Release Date: Sep 27, 2011
Record label: Slumberland
Genre(s): Pop/Rock, Alternative/Indie Rock, Alternative Pop/Rock
Think of the best rock bands of the ’90s—Smashing Pumpkins, Wilco, Blur, Dinosaur Jr., My Bloody Valentine, for a few—Big Troubles sound like all of them, but more. They hit that special spot of generating what at first might seem like genre resurrection, but every squelchy guitar roar is squelchier, somehow more dripping with that perfect gauze of distortion. It’s the songs alone that kill you on Romantic Comedy, and that’s a good thing.
Big Troubles sound like the kind of band that defined your teenage years. Whether you were too scrawny to run a football to the other side, or your reputation hangs in the balance over whether or not you’ll get invited to the big dance, the New Jersey foursome most likely have an anthem to soundtrack that hopeless climax before everything gets resolved in the end. They’re like the noughties incarnation of Revenge of the Nerds – sophisto Millennials urgently scavenging through college rock’s back pages to retreat from what feels like perpetual heartache.
After releasing an LP where Big Troubles’ Ian Drennan and Alex Craig recorded the songs in their respective bedrooms and traded tapes back and forth, their second album, Romantic Comedy, is a much more polished affair recorded in an actual studio with a name producer (Mitch Easter) and contributions from the rest of the band (drummer Sam Franklin and bassist Luka Usmiani). Almost out of necessity the record has a less noisy, less cheap sound and feel. No longer do the bandmembers bury their vocals and melodies under waves of staticky guitar noise and crappy-sounding drums; instead, the inherent autumnal loveliness is loud and clear.
Second albums are, of course, notoriously tricky things. If you’re lucky your debut will have made a splash of a size reasonable enough to train more of the blogosphere’s myriad bodiless eyes towards you, unblinkingly watching and waiting for your next move. At least, that’s what I imagine it feels like. The question is whether to stick or twist – carry on the formula that made you popular in the first place, or sidestep into new territory.
There's a great bit in Patton Oswalt's latest special that begins with him auditioning for the role of "gay best friend" and ends with a monkey explosively defecating on camera. Obviously, he got from Point A to Point B explaining how romantic comedy isn't even really an artistic genre so much as a strict format whose monetary success is predicated on telling people what they're getting and then giving them exactly what they want. While Romantic Comedy is too scrappy and bummed-out for usage in cute montages anytime soon, Big Troubles' sophomore LP and first for Slumberland is still every bit as beholden to an overt sense of values: If 1990s indie revivalism gets you going like seeing Jennifer Aniston and some other dude find true love does, it's easy to imagine a tagline saying "from the people who brought you the Pains of Being Pure at Heart and the producers from Brighten the Corners…" doing its risk-free aspirations justice.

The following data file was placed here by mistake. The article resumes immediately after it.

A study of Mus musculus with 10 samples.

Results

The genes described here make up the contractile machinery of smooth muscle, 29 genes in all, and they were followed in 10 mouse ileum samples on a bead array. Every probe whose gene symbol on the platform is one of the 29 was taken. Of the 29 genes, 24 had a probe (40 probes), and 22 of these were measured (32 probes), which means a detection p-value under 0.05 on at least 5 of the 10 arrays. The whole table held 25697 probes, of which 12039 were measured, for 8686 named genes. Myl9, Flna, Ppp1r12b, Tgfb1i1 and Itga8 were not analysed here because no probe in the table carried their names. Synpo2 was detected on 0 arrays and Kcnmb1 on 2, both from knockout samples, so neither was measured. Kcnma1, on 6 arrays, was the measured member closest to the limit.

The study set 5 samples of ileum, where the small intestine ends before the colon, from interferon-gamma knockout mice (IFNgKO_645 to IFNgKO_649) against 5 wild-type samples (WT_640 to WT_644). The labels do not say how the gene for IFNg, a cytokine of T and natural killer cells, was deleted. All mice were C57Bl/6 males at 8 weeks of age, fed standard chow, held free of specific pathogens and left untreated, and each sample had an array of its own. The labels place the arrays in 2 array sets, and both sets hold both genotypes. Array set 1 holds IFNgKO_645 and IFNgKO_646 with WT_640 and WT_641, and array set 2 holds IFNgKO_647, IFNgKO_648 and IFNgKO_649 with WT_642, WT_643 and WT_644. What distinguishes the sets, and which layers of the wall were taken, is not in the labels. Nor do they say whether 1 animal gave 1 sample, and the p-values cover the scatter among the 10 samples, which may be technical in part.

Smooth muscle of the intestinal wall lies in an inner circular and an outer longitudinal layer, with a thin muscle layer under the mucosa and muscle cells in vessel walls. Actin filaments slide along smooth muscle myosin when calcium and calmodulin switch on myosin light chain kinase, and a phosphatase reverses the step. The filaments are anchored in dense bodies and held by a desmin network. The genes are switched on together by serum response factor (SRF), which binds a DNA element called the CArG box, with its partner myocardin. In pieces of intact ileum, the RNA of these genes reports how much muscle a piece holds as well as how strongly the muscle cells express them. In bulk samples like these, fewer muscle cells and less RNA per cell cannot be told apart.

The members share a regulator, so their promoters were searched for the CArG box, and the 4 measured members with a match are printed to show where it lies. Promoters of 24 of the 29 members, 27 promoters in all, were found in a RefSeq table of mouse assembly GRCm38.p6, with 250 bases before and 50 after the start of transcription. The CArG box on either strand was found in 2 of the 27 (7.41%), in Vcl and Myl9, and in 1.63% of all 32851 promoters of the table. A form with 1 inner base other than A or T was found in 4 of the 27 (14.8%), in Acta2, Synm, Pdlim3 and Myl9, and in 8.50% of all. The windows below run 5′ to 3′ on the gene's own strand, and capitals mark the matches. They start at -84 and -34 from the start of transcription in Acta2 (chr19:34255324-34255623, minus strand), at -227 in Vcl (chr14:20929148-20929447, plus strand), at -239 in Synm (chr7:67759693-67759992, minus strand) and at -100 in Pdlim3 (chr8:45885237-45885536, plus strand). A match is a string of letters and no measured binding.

The boys of New Jersey’s Big Troubles take a second dip into the indie pop pool with Romantic Comedy, a record that doesn’t offer any big surprises but manages to match the enjoyability of their debut. The charming, noisy production that gave the first record, Worry, a Loveless-on-a-budget feel has disappeared but has been replaced with an unobstructed view of the band’s noteworthy songwriting ability. The songs on Romantic Comedy generally waver between two sounds: Some have a sensitive, retro-pop feel most comparable to indie rock’s current spotlight-gobblers, Girls, while others take a harder-edged guitar rock route.
A complete absence of originality spoils this set from the Brooklyn four-piece. Brad Barrett 2011 Representing the almost omnipresent slacker aesthetic with an Angelfire website, which is funny but actually pretty irritating, and a sound casually borrowed from a range of fuzzy popsters from Best Coast to The Pains of Being Pure at Heart, Big Troubles truly have nothing to say. Their tunes on this, their second long-play set, are pretty in parts but are merely exhaled out with an awful affected whispered voice.